Convention Center Hotel, Calling it a "Regular Looking Hotel"

By Melissa S. Monroe, San Antonio Express-NewsMcClatchy-Tribune Business News

Aug. 3, 2006 - The developer of the 1,000-room Convention Center hotel was put in the hot seat Wednesday by City Council members who said San Antonio is not getting what it was promised for the downtown project that has been controversial for more than a decade.

Council members criticized the design of the project, calling it a "regular-looking hotel." They asked what happened to the San Antonio culture and identity it was supposed to have, where the river was that had been planned to run through the hotel, and how the developer will designate parking for the public in the underground garage.

Councilman Art Hall said the original design the panel was shown in meetings last year is not the one it's seeing today.

But changes stemmed from the city's Historic and Design Review Commission not approving the original look, said Carl Kernodle, senior vice president and director of design for Austin-based Faulkner USA, the developer of the project. For example, he said, the river in the hotel just couldn't be done.

Council members also questioned rising construction costs and whether Faulkner has accounted for that.

"This sounds like a lot of misrepresentation to what we were told and where we are today," Hall said.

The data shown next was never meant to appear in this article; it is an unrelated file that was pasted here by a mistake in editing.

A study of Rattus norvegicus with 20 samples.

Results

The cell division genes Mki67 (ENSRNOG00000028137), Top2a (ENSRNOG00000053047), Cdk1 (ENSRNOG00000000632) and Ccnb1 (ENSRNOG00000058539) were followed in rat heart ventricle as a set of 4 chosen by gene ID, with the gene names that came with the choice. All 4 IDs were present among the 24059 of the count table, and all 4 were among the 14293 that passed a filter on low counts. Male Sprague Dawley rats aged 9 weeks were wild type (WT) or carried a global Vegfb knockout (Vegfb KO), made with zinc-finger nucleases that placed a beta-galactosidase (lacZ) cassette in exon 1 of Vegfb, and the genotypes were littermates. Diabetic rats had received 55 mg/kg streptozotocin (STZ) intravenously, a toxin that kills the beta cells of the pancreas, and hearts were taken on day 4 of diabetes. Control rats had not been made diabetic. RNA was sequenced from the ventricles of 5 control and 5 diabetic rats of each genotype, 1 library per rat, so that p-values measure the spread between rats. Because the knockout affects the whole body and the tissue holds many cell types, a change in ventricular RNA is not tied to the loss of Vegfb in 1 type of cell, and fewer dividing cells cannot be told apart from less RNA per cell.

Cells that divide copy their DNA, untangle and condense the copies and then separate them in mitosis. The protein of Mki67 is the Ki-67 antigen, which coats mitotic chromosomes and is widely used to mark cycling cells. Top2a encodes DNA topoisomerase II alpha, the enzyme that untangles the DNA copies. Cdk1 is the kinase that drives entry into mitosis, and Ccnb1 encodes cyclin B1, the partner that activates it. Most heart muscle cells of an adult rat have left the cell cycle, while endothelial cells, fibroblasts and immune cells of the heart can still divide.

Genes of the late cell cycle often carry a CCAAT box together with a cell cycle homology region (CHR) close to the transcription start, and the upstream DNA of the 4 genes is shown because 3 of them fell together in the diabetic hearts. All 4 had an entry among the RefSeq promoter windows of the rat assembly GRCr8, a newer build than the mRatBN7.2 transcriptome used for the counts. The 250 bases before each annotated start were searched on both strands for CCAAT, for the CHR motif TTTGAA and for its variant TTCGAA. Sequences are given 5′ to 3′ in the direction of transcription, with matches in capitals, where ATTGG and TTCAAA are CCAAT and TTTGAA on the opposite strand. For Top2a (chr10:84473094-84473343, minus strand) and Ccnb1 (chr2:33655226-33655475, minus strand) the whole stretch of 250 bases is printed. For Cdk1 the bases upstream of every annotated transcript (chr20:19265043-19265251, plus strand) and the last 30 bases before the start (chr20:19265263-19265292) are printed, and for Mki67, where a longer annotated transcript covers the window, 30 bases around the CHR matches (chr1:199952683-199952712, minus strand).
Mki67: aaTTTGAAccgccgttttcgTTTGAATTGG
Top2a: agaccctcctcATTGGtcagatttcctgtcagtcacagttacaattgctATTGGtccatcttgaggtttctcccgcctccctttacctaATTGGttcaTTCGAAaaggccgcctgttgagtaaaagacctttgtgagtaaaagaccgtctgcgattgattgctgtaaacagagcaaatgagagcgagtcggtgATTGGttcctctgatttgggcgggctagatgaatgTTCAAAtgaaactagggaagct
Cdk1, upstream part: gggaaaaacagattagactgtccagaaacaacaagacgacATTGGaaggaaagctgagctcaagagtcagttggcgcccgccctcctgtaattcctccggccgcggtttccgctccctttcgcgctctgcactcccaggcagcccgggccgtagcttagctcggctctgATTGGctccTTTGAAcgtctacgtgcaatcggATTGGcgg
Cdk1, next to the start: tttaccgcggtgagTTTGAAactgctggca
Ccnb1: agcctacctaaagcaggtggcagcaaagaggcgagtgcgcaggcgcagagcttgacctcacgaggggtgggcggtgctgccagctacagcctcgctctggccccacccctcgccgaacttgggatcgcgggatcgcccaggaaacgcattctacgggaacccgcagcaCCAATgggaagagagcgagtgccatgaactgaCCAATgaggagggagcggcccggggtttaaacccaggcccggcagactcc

Convention Facilities Director Michael Sawaya said the project is not behind schedule and is slated for completion Feb. 6, 2008. Faulkner is responsible for all costs that exceed the project's $217 million budget, he said. The total cost is expected to be about $285 million.

The 34-floor hotel will be adjacent to the Lila Cockrell Theater and will take the place of the former 1,200-space Convention Center Garage at Market and Bowie streets.

The project has been controversial, going in fits and starts for several years.

This time, the city was able to make it work by putting up $208 million worth of bonds and $77 million in private equity. For the private equity portion, Faulkner is putting up $11 million and Hyatt is providing $14 million. Marathon Real Estate was putting up more than $52 million, but it recently sold its equity to Barclays Capital Real Estate Finance for $60 million.

City Manager Sheryl Sculley said what's more important than the look of the hotel is its financial performance. "Otherwise we are stuck with the bill."

If the hotel's revenue is not enough to cover payments to bondholders, the developer would turn to state sales and occupancy tax revenue and finally to local hotel taxes to foot the bill.

Despite the criticism, the hotel has been selling itself. Through June 30, Hyatt's sales staff has already booked almost 200,000 hotel rooms, with another 313,196 tentatively booked. At this rate, it is 18 percent above its booking goal, said Scott Lane, Hyatt's director of sales and marketing.

Kernodle said Faulkner is getting ready to hire a public relations and marketing team to sell the 147 residential condominiums at the top of the hotel, which will range from $229,500 to more than $1.5 million.